The Scarlet & Black

Student cyclists face legal pitfalls

For many students at Grinnell, riding a bicycle is a daily activity. Whether coming or going from class, riding downtown, or enjoying the autumn weather, bikes share the roads with cars and the sidewalks with pedestrians. However, riding one’s bike may have unexpected legal repercussions.

For Kate Baumgartner ’11, such repercussions became quickly apparent late one evening last November. “I was walking my bike next to my friend and I got lazy and decided to ride next to her,” Baumgartner said. The two were on the side of the street, because the road had no sidewalk. “I didn’t have my headlamp with me and not more than fifteen seconds after I got on my bike a cop pulled up behind us and turned on his lights,” Baumgartner said. She was pulled over and let off with only a warning, but the ticket for biking without appropriate illumination could cost up to $70.

With a seemingly heightened number of students stopped while riding their bikes, many were curious as to whether this was simply coincidence or if the police were truly enforcing bicycle policies for the college.

“Recently, we’ve been getting increased complaints about bicycles on the sidewalks in the downtown area,” Grinnell police chief Jody Matherly said. The downtown area of Grinnell is defined from 6th Avenue to 3rd Avenue and from West Street to State Street. “You can ride on sidewalks anywhere in Grinnell except in the downtown area,” Matherly said.

Although Iowa state law does not require cyclists to wear helmets, it does mandate headlight use at night as well as prohibiting cycling on sidewalks. These laws are intended to protect pedestrians, drivers, and the cyclists themselves. Perhaps one of the larger concerns for both students and police involves biking while intoxicated. Many students ride their bikes off campus for house parties, then ride home late at night after drinking. If the student is stopped, they will not receive a DUI, but will be charged with public intoxication and a misdemeanor, just as one would if walking while drunk.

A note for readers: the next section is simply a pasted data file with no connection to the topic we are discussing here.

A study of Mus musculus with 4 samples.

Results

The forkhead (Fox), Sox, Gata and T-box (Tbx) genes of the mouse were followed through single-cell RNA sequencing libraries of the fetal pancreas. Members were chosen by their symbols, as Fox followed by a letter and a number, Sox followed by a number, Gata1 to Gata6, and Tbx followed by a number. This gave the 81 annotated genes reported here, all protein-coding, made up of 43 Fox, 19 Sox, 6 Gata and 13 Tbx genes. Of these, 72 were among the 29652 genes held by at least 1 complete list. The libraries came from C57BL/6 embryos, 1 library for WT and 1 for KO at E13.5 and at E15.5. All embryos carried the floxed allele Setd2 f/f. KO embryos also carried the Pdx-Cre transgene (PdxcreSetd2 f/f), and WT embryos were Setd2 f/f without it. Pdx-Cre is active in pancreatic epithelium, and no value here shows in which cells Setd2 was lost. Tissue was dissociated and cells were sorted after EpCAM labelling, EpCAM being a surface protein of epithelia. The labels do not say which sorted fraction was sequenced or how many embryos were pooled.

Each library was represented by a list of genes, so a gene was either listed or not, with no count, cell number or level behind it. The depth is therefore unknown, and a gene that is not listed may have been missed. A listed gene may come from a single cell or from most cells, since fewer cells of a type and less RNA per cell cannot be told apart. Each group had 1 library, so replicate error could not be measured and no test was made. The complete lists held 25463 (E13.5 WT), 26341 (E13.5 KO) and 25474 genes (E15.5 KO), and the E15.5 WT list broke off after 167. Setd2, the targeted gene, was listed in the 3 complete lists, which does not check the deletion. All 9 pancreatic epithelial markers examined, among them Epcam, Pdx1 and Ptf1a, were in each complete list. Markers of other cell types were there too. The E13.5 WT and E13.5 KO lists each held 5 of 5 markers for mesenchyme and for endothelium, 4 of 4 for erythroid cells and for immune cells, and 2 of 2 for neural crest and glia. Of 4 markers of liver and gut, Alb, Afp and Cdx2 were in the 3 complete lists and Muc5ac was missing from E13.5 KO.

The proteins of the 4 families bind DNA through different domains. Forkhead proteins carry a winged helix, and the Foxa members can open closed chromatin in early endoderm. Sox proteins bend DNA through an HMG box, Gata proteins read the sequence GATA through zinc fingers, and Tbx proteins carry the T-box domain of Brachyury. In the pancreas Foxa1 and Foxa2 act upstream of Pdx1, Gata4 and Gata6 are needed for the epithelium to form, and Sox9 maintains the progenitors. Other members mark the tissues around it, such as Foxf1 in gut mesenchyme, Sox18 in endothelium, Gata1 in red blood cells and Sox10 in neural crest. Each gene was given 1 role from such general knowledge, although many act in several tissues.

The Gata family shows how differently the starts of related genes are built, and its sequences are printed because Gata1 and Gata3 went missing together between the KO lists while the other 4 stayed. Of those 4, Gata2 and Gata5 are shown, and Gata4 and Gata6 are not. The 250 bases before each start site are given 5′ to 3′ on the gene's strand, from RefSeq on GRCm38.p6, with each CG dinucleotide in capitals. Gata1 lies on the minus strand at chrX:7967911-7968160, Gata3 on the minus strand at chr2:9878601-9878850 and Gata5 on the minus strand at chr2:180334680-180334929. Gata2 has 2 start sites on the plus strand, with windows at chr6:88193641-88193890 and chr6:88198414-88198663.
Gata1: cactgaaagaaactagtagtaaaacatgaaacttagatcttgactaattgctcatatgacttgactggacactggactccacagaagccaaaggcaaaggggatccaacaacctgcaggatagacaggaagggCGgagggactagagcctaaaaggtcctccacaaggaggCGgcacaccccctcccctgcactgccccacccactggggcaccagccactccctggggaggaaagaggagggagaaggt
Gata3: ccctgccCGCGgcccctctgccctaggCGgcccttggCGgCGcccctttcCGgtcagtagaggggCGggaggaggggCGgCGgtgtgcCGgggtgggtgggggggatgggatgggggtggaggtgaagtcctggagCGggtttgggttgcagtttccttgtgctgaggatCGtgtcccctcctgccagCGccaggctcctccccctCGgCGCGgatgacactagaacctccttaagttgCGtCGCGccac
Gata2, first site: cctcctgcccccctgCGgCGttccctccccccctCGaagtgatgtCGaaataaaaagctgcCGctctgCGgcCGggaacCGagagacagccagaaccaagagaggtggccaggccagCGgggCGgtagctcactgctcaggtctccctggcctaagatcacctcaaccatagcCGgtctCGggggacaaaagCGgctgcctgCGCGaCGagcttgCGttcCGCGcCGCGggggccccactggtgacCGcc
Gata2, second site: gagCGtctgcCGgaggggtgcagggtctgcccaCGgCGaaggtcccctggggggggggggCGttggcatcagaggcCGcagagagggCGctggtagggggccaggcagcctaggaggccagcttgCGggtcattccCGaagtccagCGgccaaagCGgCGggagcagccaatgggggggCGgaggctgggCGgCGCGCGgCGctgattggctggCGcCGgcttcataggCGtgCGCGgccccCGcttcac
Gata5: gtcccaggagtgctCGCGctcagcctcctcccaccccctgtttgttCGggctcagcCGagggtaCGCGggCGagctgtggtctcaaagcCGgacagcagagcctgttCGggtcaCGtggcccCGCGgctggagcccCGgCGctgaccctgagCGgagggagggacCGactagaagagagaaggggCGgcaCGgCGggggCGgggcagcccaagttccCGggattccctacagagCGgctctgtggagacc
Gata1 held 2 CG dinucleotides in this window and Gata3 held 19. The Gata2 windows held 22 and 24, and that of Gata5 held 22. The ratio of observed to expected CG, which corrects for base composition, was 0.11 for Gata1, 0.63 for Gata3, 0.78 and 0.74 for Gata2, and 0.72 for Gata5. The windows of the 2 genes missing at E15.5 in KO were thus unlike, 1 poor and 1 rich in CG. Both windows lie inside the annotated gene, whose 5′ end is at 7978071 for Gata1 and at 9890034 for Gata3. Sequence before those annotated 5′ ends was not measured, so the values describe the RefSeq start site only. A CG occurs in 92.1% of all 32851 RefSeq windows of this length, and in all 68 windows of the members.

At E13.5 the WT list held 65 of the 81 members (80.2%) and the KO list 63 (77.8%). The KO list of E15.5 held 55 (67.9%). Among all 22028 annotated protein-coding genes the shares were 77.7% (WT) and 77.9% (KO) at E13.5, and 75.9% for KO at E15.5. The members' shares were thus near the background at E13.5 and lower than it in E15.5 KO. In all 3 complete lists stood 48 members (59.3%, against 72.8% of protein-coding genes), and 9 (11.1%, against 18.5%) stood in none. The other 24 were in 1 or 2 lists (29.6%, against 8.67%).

Conversely, some students have been stopped for unclear reasons. Max Fulgoni ’12, is one such person “I was coming out of WalMart and crossed the street when it was clear. I looked behind me and there was a policeman with his lights flashing. When he finally pulled me over I felt kind of silly because I was on a bike and he was in an SUV.” After the initial confusion, the officer simply cautioned Fulgoni to be careful because, “he’d seen a lot of accidents,” Fulgoni said.

Chief Matherly addresses the fact that police across the state are cracking down on bikes and bikers in general, and that Grinnell College students are not specifically targeted. “Students are part of the community and it’s consistent and fair enforcement for everybody,” Matherly said. He encourages students who feel that they have been unjustly stopped while biking to contact the Grinnell police with a complaint. Therefore, the recent issue with bikes is not one particular to Grinnell students, but in the community as a whole. For those who bike frequently, it is important to both be aware of and abide by the laws in order to maintain a safe college and community environment.

For those who often ride their bikes at night, the local bicycle store, Bikes to You, sells headlights. “You can buy a good, basic headlight for $24.95 and it has LED lights and batteries that last a very long time,” Craig Cooper, the storeowner, said. Additionally, Cooper recommended a flashing taillight for night bikers. “70 percent of all bike accidents happen from behind. If you’re going out at night, it’s a really good way to make sure no one’s going to run over you,” Cooper said.